It seems as if we go no more than a couple of weeks without hearing about how dangerous it can be to go to the hospital. Last October, we posted a blog entry about the different kinds of infections patients can be exposed to while being treated.
The next month, perspective was offered about how emergency rooms in the state sometimes fail to take the time to properly assess a patient's condition or are too 0quick to refuse treatment if medical insurance coverage is in question.
With all that talk you would think that some action would follow, and indeed there has been some. But in the face of some of the data that can be found, the question some are prompted to ask is whether the action being taken makes a difference.
The seriousness of the issue is easy to understand. According to estimates from the Centers for Disease Control and Prevention, about 1.7 million patients contract healthcare-associated infections (HAIs) every year in the U.S. And of those, it's estimated some 99,000 patients die.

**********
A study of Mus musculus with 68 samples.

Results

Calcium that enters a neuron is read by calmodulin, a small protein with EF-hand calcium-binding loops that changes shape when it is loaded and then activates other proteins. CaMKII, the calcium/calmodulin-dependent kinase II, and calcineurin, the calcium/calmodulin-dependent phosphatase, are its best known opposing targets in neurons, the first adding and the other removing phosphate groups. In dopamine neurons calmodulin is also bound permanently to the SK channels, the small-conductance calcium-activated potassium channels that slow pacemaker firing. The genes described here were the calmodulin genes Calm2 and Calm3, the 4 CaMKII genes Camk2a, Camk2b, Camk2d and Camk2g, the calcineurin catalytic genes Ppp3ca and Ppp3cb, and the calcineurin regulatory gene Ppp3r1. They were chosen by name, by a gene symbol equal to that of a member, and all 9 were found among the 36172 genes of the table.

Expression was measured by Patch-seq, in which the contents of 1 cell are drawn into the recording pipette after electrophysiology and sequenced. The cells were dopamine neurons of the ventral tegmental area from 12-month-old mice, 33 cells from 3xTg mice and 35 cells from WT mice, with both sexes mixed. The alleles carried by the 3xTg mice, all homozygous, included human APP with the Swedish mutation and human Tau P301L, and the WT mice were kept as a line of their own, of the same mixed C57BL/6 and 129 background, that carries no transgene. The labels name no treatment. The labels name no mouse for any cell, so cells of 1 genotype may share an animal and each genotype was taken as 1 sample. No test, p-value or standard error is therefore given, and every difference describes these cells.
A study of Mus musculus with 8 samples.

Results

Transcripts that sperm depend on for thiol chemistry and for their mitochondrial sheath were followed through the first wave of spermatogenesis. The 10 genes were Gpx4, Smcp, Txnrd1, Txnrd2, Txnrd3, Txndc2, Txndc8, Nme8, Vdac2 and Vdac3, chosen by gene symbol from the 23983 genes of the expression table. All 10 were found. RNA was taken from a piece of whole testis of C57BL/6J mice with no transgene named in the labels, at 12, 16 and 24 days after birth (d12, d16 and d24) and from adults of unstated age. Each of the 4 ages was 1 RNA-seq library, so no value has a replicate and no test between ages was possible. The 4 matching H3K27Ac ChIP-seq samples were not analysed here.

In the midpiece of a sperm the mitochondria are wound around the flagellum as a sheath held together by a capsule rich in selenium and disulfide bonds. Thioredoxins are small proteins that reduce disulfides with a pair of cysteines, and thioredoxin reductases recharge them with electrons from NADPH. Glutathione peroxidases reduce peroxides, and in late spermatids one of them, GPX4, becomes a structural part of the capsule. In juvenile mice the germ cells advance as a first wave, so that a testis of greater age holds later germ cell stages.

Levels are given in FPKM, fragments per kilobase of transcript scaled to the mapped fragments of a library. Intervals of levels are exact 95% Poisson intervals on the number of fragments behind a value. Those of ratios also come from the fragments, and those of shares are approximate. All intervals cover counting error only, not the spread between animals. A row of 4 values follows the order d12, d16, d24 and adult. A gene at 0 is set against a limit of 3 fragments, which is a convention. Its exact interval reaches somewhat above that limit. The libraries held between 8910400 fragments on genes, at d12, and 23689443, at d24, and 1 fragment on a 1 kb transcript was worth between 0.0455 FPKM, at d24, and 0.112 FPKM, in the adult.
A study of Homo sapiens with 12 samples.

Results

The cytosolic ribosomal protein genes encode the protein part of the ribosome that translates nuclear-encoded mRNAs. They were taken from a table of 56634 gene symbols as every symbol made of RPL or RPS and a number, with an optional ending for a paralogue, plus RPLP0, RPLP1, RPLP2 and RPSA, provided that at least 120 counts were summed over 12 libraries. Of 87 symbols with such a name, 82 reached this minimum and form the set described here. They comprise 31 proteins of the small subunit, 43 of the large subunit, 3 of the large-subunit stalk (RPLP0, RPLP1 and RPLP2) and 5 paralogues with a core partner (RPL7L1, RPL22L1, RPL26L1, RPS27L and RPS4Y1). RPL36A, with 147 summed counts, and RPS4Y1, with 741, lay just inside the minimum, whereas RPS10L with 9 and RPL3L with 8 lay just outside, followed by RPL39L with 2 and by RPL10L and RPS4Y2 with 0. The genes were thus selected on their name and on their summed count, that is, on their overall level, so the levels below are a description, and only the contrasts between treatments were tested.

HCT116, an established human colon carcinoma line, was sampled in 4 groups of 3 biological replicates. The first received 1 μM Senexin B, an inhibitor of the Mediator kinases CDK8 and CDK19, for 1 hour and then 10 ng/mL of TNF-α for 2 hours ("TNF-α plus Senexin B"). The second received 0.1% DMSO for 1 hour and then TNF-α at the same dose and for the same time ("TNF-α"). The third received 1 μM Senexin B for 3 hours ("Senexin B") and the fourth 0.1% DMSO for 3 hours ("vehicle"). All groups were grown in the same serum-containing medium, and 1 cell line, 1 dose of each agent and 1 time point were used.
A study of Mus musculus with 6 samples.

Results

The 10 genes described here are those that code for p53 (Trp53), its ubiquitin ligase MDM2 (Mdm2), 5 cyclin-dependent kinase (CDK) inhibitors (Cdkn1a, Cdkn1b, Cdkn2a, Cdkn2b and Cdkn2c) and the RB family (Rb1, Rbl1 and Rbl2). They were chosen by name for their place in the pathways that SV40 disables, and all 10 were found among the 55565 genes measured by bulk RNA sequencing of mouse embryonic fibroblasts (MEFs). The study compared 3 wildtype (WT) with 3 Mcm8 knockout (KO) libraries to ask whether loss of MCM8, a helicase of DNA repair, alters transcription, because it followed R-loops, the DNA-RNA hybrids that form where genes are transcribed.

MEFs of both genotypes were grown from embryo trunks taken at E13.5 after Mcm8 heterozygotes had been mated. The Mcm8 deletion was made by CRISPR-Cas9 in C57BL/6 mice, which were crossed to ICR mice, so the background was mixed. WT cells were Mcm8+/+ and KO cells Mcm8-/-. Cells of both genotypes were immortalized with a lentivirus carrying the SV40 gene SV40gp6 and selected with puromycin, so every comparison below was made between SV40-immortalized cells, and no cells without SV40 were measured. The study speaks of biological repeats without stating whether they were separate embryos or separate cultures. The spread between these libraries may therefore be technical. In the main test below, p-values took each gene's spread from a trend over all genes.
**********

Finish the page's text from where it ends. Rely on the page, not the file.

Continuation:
Because these are believed to be preventable situations, it would seem that these would represent cause to file a wrongful death claim. The answer may hinge on whether sufficient proof can be obtained to make a case. That is something to discuss with an experienced attorney.
So what action is being taken? Well, here are a couple of examples. First, as a recent report by KGW-TV pointed out, there is the Oregon government's report on Health Care Acquired Infections. It is intended to give users a view into what hospitals in the state are doing to counter HAIs. But it doesn't seem to be designed to help the average consumer. The word consumer doesn't even appear in the report, and it's not too intuitive.
Besides that, there's a provision of the Affordable Care Act that has the federal government docking hospitals 1 percent of annual Medicare payments if they rank in the bottom 25 percent for HAIs. That reportedly may translate into millions of dollars for some larger hospital systems in our area.
Since the penalties are brand new it's hard to know how they'll work. We'll just have to keep an eye on things and, in the meantime, act on our own behalf when infections do occur.